This is the subject of Tom Edsall's excellent new column on the Times website. As he succinctly puts it:
"Two major studies released this month, the General Social Survey and the Cooperative Congressional Election Study, reveal some generally positive trends for Democrats: defections in the Midwest among Trump voters, as well as a shift to the left among all voters on issues of race, immigration and spending on the poor."
The latter point is something I've written about quite a bit before. It's just not the case that Americans, including white Americans, are awash in racism and nativism.
"In 2016, Trump capitalized on hostility to immigrants and minorities. Tom Wood, a political scientist at Ohio State, examined the General Social Survey data and found a noticeable, albeit modest, increase in social and cultural tolerance in 2018 among all voters. That a rise in tolerance is a negative for Republicans speaks for itself.
“Quite contrary to popular concerns,” Wood wrote in an email [to Edsall], “it seems that the American public has only grown more tolerant and inclusive over recent decades,” before adding, “There’s been meaningful improvement, or stability, in each of these measures of tolerance since the early 1990s.....I’d be reluctant to infer too much about this for the electoral stakes for 2020 but it does suggest that much anguishing about the U.S. electorate — that it’s growing more adverse to minorities, and is becoming scientifically uniformed on issues of high political charge — is basically wrong."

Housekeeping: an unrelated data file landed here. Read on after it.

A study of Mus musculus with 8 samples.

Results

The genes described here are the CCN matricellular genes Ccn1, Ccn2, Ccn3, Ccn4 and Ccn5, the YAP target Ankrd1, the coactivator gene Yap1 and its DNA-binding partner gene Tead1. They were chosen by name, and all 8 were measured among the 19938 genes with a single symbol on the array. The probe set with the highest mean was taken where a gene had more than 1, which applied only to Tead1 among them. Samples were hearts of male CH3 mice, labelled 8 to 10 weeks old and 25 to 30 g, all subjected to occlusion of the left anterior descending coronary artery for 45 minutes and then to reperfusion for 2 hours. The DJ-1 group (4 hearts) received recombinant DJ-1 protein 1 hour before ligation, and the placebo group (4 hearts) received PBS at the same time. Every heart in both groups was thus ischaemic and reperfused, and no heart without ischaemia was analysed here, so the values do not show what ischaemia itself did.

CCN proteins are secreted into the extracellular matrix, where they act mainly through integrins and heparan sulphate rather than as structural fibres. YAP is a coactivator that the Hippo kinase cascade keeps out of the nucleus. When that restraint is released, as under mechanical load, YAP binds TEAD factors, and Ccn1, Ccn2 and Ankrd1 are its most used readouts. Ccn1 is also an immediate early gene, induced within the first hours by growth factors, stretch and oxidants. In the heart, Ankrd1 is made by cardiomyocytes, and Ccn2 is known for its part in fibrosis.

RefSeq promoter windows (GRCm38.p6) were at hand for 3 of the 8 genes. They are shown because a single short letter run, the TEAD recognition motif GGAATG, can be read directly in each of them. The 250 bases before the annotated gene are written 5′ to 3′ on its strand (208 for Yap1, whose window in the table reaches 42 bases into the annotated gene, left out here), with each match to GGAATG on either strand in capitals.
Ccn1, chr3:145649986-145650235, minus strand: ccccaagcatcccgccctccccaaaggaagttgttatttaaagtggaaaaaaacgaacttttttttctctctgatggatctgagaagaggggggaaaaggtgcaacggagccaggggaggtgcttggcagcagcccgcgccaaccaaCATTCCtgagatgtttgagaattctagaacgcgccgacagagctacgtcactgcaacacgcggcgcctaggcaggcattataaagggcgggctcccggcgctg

That's why the other part of what Edsall flags up top is so important. While a more liberal America is a hopeful development, it can still be politically stymied by voting trends in a handful of states. Therefore, if the Trump defections In the Midwest Edsall mentions are real and can be built on, that's hugely important news. Here's the evidence:
"G. Elliott Morris, a political analyst for The Economist, examined state-by-state data in the Cooperative Congressional Election Study. In an email, Morris wrote that the 2018 results make it clear that the president has lost a significant amount of support across the nation, both among his “core" or “base” supporters and the rest.
While millions of suburban whites who voted for Trump in 2016 cast ballots in 2018 for Democratic House and Senate candidates, “the defection runs much deeper than that,” Morris said. Not only did better-off suburbanites defect, “but more important so did working class whites.”
“My analysis of the 2018 C.C.E.S. data,” Morris continued, “finds that 7 percent of white voters without a college education left Trump’s side.” These non-college whites were crucial to Trump’s Electoral College victory, and “small numbers of defections could make a big difference,” especially in the Midwest, where, according to Morris, they make up 57 percent of the voters, compared with 47 percent nationwide."
So let's get those "small numbers of defections"! Which is yet another reason to avoid the four don'ts. They're highly unlikely to be attractive to potential Trump defectors.